M.Sc Thesis | |

M.Sc Student | Gandman Andrey |
---|---|

Subject | Femtosecond Coherent Phase Control of Resonance-Mediated Three-Photon Absorption |

Department | Department of Chemistry |

Supervisor | ASSOCIATE PROF. Zohar Amitay |

Full Thesis text |

Femtosecond
coherent control exploits the broad coherent bandwidth of ultrashort pulses to
manipulate photo-induced quantum interferences and state-to-state transition
probabilities. This M.Sc. research presents, femtosecond phase control of
coupled multi-photon excitation channels, where one channel is coherently
incorporated in the other, and the control is achieved using a-priori design of
the control field. The study is experimental, however the experiments are
accompanied by theoretical-numerical calculations. The scheme under study
includes a first channel of non-resonant two-photon absorption, which is
coherently incorporated in a second channel of resonance-mediated (2+1)
three-photon absorption. The observables under control are the populations
excited to the final states of the different channels and their corresponding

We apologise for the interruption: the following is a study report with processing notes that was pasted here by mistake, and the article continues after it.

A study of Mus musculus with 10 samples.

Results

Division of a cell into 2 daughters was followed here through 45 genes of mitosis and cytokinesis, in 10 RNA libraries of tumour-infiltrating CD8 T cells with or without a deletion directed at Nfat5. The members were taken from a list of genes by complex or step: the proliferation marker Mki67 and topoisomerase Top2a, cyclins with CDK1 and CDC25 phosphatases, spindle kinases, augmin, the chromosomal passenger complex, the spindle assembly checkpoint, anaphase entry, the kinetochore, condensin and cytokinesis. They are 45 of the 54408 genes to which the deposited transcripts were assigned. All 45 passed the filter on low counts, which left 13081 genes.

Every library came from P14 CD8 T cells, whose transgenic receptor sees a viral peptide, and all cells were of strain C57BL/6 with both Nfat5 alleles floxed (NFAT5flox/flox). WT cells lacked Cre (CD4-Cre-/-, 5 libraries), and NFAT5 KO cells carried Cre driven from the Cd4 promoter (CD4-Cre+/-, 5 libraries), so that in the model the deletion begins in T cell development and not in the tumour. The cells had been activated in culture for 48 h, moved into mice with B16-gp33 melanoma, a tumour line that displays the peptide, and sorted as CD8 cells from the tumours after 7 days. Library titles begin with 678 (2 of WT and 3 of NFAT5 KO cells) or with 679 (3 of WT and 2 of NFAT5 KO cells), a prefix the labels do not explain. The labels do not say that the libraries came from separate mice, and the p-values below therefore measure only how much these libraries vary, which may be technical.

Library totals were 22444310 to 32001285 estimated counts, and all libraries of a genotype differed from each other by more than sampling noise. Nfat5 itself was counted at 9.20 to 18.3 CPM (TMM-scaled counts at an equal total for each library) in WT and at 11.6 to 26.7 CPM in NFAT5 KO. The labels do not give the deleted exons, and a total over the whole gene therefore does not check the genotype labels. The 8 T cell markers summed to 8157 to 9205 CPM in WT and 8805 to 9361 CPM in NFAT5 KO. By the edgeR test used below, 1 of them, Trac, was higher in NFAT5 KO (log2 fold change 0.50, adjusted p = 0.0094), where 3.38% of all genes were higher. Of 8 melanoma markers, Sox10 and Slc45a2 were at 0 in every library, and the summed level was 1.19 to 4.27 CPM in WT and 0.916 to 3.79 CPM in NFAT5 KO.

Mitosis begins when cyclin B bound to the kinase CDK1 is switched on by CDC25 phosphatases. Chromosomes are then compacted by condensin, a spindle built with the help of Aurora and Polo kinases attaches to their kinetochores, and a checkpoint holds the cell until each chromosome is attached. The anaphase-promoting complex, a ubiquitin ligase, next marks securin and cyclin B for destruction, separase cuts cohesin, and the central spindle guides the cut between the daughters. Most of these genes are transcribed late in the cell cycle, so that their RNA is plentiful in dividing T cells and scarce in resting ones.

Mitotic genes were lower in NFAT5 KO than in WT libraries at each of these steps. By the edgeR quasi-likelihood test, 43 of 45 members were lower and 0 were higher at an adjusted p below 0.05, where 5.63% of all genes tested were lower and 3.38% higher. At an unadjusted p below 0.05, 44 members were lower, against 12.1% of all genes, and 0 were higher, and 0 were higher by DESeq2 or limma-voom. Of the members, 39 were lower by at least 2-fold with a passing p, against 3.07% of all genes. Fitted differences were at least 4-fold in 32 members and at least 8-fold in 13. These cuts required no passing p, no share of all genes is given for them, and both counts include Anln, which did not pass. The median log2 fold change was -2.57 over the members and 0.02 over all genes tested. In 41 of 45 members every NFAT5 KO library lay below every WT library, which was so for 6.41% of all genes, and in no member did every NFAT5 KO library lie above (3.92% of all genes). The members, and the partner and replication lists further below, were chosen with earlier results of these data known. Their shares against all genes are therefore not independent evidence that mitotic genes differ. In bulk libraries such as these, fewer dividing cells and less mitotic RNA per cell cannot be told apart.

branching ratio. The overall dynamics and interplay between parallel excitation
pathways is extremely rich and coherently combines elements of non-resonant and
resonance-mediated multi-photon transitions. The study is conducted in the
perturbative regime, where the excitations can be described, respectively,
within 2^{nd} and 3^{rd} order time dependent perturbation
theory. The physical model system is the sodium (Na) atom. The involved states
are the ground state 3s, and the excited states 4s and 7p. In the first part of
the work, by proper pulse shaping, the final 7p population is continuously
controlled over more than two orders of magnitude, up to 300% of the population
excited by a corresponding transform-limited pulse. The control mechanisms are
identified as intra-group and inter-group interferences involving two groups of
3s-7p three-photon excitation pathways: Those that are exactly on resonance
with the intermediate 4s state and those that are only near resonance with it.
The role played by the near-resonant pathways leads to the general feature of
resonance-mediated multi-photon transitions of exceeding the performance of a
transform-limited pulse already in the perturbative regime. This is contrary to
non resonant multi-photon transitions. In the second part of the study high
degree of control is demonstrated over the branching ratio between the two
excitation channels, i.e., between the populations excited to the 4s and 7p
states. Particularly prominent is the methodology we have termed "coherent
decoupling", by which, the 7p population is independently controlled over
a wide range of values while the 4s population is kept fixed on an arbitrary
chosen level. Several cases are implemented experimentally. The results
demonstrate the power of femtosecond coherent phase control in manipulating the
absolute yields of population transfer and corresponding branching ratio as
almost completely independent variables over a very wide control range.